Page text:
Stroke Awareness Month

Understanding the Signs and Symptoms of Stroke

May is Stroke Awareness Month, an opportunity to raise awareness about strokes and their impact on individuals and communities. Strokes can happen to anyone, regardless of age or gender, and can lead to serious disability or even death. A stroke is a life-altering event for the patient as well as family members and caretakers. Knowing the warning signs and symptoms of a stroke is crucial to seek help immediately and minimize the damage.

A stroke occurs when the blood flow to the brain is interrupted or reduced, which can happen in two ways. The first is an ischemic stroke, caused by a blockage in a blood vessel that supplies blood to the brain. The second is a hemorrhagic stroke caused by the rupture of a blood vessel in the brain. Both types can be fatal, and early treatment is essential to minimize the damage.

In either case, seeking medical attention by calling 911 or going to the closest emergency department is crucial in receiving time-sensitive treatment to improve the chances of favorable outcomes and reduce longterm disability.

The following are the warning signs of stroke that should alarm patients. Sudden onset of one of the following symptoms should prompt patients to call 911 and reach the nearest emergency department.

Remember the acronym B.E.F.A.S.T.:

B: Balance loss or dizziness

E: Eye vision changes or loss

F: Face drooping or numbness on one side

A: Arm weakness or numbness on one side

S: Speech difficulty or slurring

T: Time to call emergency services right away

Usual risk factors for stroke include high uncontrolled blood pressure, high cholesterol, smoking, uncontrolled diabetes, obesity and family history of stroke. Managing and reducing these modifiable risk factors for stroke is the single most effective intervention to reduce the likelihood of having a stroke. However, it is important to note that strokes can occur without any warning signs, which is why it is critical to understand the common symptoms of a stroke.

Eating a healthy and balanced diet is also essential for preventing stroke. A diet high in fiber, fruits, vegetables and whole grains and low in saturated fats, cholesterol and sodium can help reduce the risk of stroke. It is also important to limit alcohol consumption, as excessive drinking can increase the risk of stroke. Exercise can help maintain a healthy weight, lower blood pressure, improve cholesterol levels and improve overall cardiovascular health. It is recommended that adults engage in at least 150 minutes of moderate-intensity physical activity per week.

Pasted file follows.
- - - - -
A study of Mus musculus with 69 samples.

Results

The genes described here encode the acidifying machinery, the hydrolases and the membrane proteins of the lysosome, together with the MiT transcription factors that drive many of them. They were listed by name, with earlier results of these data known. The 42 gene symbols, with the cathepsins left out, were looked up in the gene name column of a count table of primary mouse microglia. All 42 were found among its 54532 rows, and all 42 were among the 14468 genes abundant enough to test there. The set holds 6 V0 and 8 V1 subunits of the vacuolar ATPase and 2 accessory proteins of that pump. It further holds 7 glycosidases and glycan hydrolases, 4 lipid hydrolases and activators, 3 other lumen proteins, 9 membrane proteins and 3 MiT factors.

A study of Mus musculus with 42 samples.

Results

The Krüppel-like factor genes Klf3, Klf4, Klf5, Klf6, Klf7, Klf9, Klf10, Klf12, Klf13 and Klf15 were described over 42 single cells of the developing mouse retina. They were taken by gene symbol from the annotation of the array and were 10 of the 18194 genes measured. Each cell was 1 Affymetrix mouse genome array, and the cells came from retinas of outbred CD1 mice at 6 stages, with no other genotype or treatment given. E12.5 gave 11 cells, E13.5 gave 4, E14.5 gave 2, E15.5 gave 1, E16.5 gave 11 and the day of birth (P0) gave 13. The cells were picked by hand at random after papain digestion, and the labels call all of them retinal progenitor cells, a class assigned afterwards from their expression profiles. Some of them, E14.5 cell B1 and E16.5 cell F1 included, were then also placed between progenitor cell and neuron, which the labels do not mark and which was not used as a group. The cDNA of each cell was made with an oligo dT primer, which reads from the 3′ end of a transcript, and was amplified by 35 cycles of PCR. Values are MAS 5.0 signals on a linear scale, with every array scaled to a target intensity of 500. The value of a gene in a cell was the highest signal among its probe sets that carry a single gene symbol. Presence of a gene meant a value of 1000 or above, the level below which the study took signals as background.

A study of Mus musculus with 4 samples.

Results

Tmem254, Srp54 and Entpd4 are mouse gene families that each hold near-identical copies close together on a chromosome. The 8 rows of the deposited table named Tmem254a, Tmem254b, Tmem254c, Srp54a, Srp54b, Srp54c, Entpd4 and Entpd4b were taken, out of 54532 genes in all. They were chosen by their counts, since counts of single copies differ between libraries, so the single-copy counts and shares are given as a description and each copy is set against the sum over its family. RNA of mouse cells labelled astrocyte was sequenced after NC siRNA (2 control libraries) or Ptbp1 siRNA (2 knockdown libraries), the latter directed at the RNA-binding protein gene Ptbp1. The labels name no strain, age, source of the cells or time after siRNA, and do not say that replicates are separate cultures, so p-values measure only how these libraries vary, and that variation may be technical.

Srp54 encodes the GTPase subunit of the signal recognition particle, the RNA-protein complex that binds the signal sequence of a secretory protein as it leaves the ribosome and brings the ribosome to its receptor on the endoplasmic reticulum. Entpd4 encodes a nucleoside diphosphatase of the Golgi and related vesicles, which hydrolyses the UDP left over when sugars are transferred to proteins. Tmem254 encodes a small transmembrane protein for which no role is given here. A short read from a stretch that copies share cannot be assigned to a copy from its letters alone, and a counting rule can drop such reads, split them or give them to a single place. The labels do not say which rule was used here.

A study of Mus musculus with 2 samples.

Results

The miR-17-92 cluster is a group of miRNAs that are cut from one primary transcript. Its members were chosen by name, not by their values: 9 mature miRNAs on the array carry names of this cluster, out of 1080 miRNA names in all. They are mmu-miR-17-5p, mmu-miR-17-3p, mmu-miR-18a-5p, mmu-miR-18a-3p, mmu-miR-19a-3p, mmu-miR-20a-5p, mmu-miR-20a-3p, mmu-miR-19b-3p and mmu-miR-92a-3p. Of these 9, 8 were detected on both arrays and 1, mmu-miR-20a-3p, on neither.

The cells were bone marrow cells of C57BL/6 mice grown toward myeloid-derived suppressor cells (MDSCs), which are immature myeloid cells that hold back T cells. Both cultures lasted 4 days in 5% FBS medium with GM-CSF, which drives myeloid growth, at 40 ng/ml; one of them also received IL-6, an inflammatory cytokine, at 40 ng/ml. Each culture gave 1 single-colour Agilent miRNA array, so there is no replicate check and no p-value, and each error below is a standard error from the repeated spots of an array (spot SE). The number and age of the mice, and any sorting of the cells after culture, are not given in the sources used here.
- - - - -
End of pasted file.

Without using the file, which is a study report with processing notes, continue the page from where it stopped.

Smoking is a significant risk factor for stroke, and quitting smoking is one of the most effective ways to reduce the risk of stroke. Smoking damages blood vessels and increases the risk of blood clots, which can lead to a stroke. Quitting smoking can also help lower blood pressure and improve overall cardiovascular health. Additionally, managing blood pressure and diabetes is crucial in preventing stroke. High blood pressure and diabetes can damage blood vessels and increase the risk of a stroke. It is important to monitor blood pressure and blood sugar levels regularly and take medications as prescribed by a doctor.

Getting regular check-ups with your primary care physician plays a critical role in monitoring and controlling the risk factors and eventually reducing the odds of having a stroke.

For those who have experienced a stroke, rehabilitation services can help them regain strength, mobility and independence. Rehabilitation can include physical therapy, occupational therapy and speech therapy. Physical therapy can help stroke patients improve their strength, balance and coordination. It involves a range of exercises and techniques that aim to improve mobility and prevent further loss of muscle strength. Occupational therapy focuses on helping patients perform the activities of daily living, such as dressing, grooming and eating. It aims to improve the patient’s independence and quality of life. Speech therapy helps patients overcome communication difficulties, such as aphasia or dysarthria, and aims to improve the patient’s ability to speak, listen, read and write.

is an opportunity to raise awareness about strokes and the importance of recognizing the warning signs and symptoms. By understanding the risk factors and taking preventative measures, individuals can reduce their risk of stroke. For those who have experienced a stroke, rehabilitation services can help them recover and regain their independence. Remember to BEFAST and call emergency services immediately if any stroke symptoms appear.

Himanshu Chokhawala, MD, is a clinical assistant professor of neurology at LSU Health Shreveport.